Representing estates and facilities professionals operating within the  



Investment in tackling MRSA should go further

Derek Butler, Chair of MRSA Action UK, said today: “MRSA Action UK welcome The Health Protection Agency confirmation that cases of MRSA are at a record low with fewer than 100 infections in a single month across NHS trusts in England.

“Compared with June 2010, figures for this June show MRSA bloodstream infections in the NHS have fallen from 134 to 97, while the latest data showed 25 acute trusts have been free of MRSA bloodstream infections for the last year. Additionally for the first time since 2004 all regions have reported numbers of people with MRSA bloodstream infections in single figures. This is down to the success of the search and destroy strategy adopted by Trusts, to include interventions such as screening and isolating patients who have been found to be carrying the bacteria on their skin, and the investment in training staff in strict aseptic procedures and hand hygiene.


“There are reports in the press this week suggesting some hospitals are MRSA free, however no hospital can say this with any certainty, as there will always be patients and healthcare workers who become colonised with MRSA, and even if bloodstream infections were eradicated there will still be risks with surgical site infections, pneumonias and urinary tract infections. The bloodstream infections that these figures relate to are only a tiny proportion of those published this week.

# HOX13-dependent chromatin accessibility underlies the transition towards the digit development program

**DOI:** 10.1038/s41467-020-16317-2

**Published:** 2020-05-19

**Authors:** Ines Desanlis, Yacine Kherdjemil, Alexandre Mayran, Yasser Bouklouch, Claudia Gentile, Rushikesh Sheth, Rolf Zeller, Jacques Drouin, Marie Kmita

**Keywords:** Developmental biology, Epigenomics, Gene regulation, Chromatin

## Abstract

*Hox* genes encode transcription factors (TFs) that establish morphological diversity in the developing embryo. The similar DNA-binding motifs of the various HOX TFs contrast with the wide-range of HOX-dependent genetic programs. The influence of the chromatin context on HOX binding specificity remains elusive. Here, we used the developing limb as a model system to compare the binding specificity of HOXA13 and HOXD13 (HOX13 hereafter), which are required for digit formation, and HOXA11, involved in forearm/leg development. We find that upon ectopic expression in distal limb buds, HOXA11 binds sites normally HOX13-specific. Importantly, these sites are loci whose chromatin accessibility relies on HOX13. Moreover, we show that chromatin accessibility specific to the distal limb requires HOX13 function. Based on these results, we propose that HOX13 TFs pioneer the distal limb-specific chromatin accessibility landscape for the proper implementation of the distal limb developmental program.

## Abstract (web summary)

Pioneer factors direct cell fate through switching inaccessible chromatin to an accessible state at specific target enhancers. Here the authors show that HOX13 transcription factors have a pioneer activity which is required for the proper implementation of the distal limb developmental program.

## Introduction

“The work of clinical staff and cleaners and the commitment of Trust Boards to driving down infections in our hospitals is to be applauded.


“There is no room for complacency however, as there are still large numbers of people who are contracting Clostridium difficile, and just over 68% of the infections reported by the Health Protection Agency are in the community setting.


“MRSA (Meticillin-resistant Staphylococcus aureus) is a derivative of MSSA (Meticillin-susceptible Staphylococcus aureus) and there were 1,419 bloodstream infections in hospitals in England since January up to the end of June this year, showing that there is a lot more work to do in terms of tackling these superbugs. There were 4,354 reports of MSSA bloodstream infections recorded in the community setting since January.


“We believe extending screening to incorporate MSSA would add value to the programme, whilst saving lives and reducing suffering for patients. These bloodstream infections, although responsive to Meticillin can be difficult to treat and patients undergoing surgery are at risk. We have the capability to prevent them and ONS statistics show that in 2009 more than 2,000 people died from Staphylococcal infections.


“As a charity who deal with the people who have been affected on a daily basis we know only too well the price of not taking action to prevent avoidable infections, and a life taken prematurely is not a price that we should be willing to pay.”